Nonpartisan Education Review / Essays: Volume 6, Number 5
Access this essay in .pdf format
GI Bill Students and Their Equal Opportunity to Fail
by Robert Oliphant
Let me begin by announcing that I’m a GI Bill of Rights alumnus. So were at least half of my colleagues at California State University, Northridge, in 1959. Since CSUN is now celebrating its fiftieth anniversary, here’s a take on how important the GI Bill was as an equal opportunity measure to both CSUN and to our nation as a whole.
As a mass education experiment with 16 million potential students, the GI Bill frightened many American educators, including Robert Maynard Hutchins and James Bryant Conant. It was Hutchins who predicted that the GI Bill would turn nearly all of our colleges and universities into “hobo jungles.”
Nor was Hutchins far off the mark, judging from the physical and mental condition of my fellow veterans at Washington and Jefferson College in the summer of 1946. Some were certainly much older than conventional college students, including my friend Edward Edwards, an air corps lieutenant colonel, who was over 35 when he matriculated as a freshman at W&J.
Many of them had serious physical problems, including life long malaria for my study partner, Gordon Jerrold (an air corps captain), and a large steel plate in the head for my trumpet-playing friend, Marshal Swenson, who had served in the Pacific theater as a marine. Judging from late-at-night dormitory screaming, many of our GI Bill students also had serious psychological problems.
Even more were heavy drinkers. Hence the decision by Dean Edward Davison, who had been commandant of a prisoner of war camp, to establish student rapport by prowling the bars of Washington, Pennsylvania and chatting with his fellow GI tipplers—informally and incognito.
In 1946, it should be noted, American educators, including those at West Point and army tech schools, still graded on the curve, which meant 30% of the letter grades came out as Ds and Fs. For GI Bill students this policy meant that the struggle for academic survival grew more and more competitive each year, especially for those who were able to make it into doctoral programs or professional schools.
The ones who had made it through this all-American academic gauntlet and landed among the CSUN faculty by 1959 were in many respects the best of the best. Mitchell Marcus, one of my department chairs, had been a major in the marines. James Woodress, CSUN’s first dean, had been a forward artillery observer with the rank of captain. Ralph Prator, CSUN’s first president, had risen in the navy to the rank of captain.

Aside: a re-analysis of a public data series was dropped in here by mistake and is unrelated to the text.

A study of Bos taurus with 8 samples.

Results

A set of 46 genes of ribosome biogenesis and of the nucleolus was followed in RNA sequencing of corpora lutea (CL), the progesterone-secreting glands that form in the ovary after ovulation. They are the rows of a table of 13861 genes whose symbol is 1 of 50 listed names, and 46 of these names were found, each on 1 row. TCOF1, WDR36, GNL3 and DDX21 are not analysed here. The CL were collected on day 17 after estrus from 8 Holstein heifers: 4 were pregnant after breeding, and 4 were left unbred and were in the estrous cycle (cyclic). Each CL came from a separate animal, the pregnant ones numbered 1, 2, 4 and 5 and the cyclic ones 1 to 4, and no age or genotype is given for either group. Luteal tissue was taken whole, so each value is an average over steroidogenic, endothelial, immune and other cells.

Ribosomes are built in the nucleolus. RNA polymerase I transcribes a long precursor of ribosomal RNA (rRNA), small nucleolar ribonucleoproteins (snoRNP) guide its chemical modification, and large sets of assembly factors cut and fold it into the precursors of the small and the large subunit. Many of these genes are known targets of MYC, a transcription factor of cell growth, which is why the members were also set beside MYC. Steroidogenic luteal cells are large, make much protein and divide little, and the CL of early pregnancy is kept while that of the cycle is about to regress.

With this kind of academic and military background, it’s not surprising that President Prator in one of our first faculty meetings insisted on an “equal opportunity to fail” grading policy, announcing, “Ladies and gentlemen, we want to build a truly respectable college in the San Fernando Valley, so if you have a choice between giving students a B or a C, by all means give them the C.”
But by 1959, the GI Bill itself had fallen upon hard times. Korean War veterans, for instance, had already been denied full tuition benefits, thereby excluding them from our high-priced Harvards and Princetons. Even worse, some years later the stipend for Vietnam veterans was cut back to way under subsistence level (all of my Vietnam-veteran students worked at jobs outside the university).
By 1990 what was then called our “leisure class revolution” had driven tuition levels, paralleling the rise of political dynasties, up to six figures for an upscale BA, and grade-point averages had begun their dizzying inflationary jump to the A minus averages that now characterize Harvard and other high-end investments for the rich, the well-born, and the greedy.
To reiterate, though: my primary purpose here is to honor the GI Bill and CSUN’s GI Bill alumni. Overall they put their duty first. Even more impressively, judging from the obituaries for Americans born before 1920, their subsequent contributions to our economy far outweigh what this egalitarian “hobo jungle” experiment cost the American taxpayer.
Should we replay the GI Bill experiment? Can’t hurt, might help, some might say. If
Americans as a whole want their educational system to offer an equal opportunity to
succeed or fail to ALL of our students, just as Douglas Wilder (our first black governor of
Virginia) once called for, that’s what we’ll demand in time, and that’s what we’ll get.
Productively so, I hope.
Citation: Oliphant, R. (2010). GI Bill Students and Their Equal Opportunity to Fail. Nonpartisan Education Review / Essays, 6(5). Retrieved [date] from http://www.nonpartisaneducation.org/Review/Essays/v6n5.pdf
Access this essay in .pdf format
Robert Oliphant’s best known book is A Piano for Mrs. Cimino, the film version of which won a Golden Nymph Award at Monte Carlo for Bette Davis. He is a WWII air corps veteran, and his eBooks are available from the Nonpartisan Education Review.